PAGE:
But while Ontario deserves kudos for being first out of the gate, along with unveiling legislation to impose tough penalties for drug-impaired driving, the decision to limit the sale of marijuana to government-run, LCBO-style outlets is both contradictory and unlikely to be successful in its goal to eliminate the “black market.”

It should come as no surprise that Ontario—licking its lips at the “cash cow” the legal sale of marijuana represents—chose the government monopoly route as opposed to opening it up to the private sector. In fact, it cites the success of the LCBO regarding responsible alcohol purchases, and its effort to keep booze out of the hands of minors, as the need to establish strict controls.

But that rings hollow given the government's recent “creeping privatization” on alcohol by allowing the sale of beer and wine in stores. So why is that OK for alcohol but not marijuana?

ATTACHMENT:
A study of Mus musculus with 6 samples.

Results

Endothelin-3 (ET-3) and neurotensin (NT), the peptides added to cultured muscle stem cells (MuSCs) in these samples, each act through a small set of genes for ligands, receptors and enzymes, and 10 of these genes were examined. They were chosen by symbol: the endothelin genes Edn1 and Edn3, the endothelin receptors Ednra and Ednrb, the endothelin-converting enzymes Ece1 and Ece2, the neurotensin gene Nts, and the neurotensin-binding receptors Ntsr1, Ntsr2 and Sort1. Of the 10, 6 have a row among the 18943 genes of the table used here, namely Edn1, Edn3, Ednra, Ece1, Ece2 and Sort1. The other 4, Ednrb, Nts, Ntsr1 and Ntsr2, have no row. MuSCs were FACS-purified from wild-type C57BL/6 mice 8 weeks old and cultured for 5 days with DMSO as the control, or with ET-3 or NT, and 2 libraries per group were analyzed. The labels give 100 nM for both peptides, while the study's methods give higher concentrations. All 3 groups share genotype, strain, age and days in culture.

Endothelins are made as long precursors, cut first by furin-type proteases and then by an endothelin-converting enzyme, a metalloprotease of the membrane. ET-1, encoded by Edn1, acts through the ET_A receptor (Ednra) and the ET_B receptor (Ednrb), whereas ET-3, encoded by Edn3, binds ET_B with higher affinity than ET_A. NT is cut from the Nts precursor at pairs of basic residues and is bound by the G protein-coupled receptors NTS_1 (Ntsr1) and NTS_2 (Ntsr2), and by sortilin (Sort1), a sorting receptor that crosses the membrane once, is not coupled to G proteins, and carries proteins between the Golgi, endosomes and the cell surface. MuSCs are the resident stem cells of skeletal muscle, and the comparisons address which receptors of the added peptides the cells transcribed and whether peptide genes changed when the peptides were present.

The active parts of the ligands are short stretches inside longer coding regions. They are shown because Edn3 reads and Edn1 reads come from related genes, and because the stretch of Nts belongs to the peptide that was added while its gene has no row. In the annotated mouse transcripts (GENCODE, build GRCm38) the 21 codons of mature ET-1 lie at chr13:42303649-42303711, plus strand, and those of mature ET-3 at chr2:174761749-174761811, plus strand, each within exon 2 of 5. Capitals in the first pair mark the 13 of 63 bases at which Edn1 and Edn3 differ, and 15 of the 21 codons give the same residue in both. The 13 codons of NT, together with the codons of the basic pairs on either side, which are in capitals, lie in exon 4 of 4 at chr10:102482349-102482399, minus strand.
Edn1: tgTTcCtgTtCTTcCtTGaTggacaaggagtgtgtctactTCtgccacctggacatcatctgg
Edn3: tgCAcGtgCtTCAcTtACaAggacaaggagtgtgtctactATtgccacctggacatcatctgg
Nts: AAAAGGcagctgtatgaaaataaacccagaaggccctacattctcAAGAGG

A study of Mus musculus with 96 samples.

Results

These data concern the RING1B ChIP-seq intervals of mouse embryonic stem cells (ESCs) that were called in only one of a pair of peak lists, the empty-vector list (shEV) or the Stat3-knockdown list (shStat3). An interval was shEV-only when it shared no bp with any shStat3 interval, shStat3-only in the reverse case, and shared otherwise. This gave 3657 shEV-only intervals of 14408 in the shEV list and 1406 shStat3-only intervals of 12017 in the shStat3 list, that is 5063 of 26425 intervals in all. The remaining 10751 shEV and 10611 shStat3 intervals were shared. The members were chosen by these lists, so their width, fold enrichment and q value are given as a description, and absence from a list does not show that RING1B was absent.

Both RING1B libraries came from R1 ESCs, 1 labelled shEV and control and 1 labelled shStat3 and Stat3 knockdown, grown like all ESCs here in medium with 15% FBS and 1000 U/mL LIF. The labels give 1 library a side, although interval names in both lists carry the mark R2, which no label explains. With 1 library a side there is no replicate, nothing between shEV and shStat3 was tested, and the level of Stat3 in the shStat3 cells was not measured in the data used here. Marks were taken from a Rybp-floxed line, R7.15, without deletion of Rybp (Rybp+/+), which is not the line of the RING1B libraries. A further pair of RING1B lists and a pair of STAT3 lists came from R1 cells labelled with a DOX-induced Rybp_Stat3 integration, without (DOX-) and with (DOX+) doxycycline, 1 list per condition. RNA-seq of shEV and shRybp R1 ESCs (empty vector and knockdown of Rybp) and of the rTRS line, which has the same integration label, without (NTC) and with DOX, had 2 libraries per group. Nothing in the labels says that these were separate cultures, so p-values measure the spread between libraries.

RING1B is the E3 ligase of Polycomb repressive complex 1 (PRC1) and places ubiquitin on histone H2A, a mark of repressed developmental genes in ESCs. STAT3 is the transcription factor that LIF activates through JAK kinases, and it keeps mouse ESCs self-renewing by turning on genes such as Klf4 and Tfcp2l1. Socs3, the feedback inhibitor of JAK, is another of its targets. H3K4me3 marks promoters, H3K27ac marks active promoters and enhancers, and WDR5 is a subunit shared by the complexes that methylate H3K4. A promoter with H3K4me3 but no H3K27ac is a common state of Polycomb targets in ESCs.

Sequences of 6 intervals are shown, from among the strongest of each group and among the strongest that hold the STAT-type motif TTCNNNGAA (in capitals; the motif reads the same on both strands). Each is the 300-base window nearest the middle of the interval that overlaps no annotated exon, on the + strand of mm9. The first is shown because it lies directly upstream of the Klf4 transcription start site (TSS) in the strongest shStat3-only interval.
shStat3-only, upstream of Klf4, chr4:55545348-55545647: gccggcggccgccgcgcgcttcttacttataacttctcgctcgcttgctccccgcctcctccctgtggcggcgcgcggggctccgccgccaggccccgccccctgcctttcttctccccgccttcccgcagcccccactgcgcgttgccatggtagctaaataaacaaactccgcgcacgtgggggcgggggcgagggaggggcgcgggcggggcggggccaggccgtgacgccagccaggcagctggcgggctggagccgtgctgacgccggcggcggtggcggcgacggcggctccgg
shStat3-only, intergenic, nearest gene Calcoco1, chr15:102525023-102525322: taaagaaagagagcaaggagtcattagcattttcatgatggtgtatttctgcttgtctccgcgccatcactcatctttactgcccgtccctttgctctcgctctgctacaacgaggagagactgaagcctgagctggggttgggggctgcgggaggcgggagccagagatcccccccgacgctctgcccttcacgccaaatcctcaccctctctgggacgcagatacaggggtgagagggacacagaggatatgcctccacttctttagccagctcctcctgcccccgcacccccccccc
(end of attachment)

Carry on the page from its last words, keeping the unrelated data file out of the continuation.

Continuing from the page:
Premier Kathleen Wynne herself already has left the door open to expanding pot sales in order to “tackle the illegal market”—before the plan even has taken effect! Does this sound like someone who has faith in the direction her government is taking?

In a related issue with local implications, the province's plan doesn't differentiate between recreational and medicinal marijuana—an omission that's understandably irksome to Angela Olson, owner of the Rainy River Cannabis Collective here, and her clientele.

Ontario did unveil a plan to meet the federal government's fast-approaching deadline of July 1, 2018. Whether it's the right one is questionable.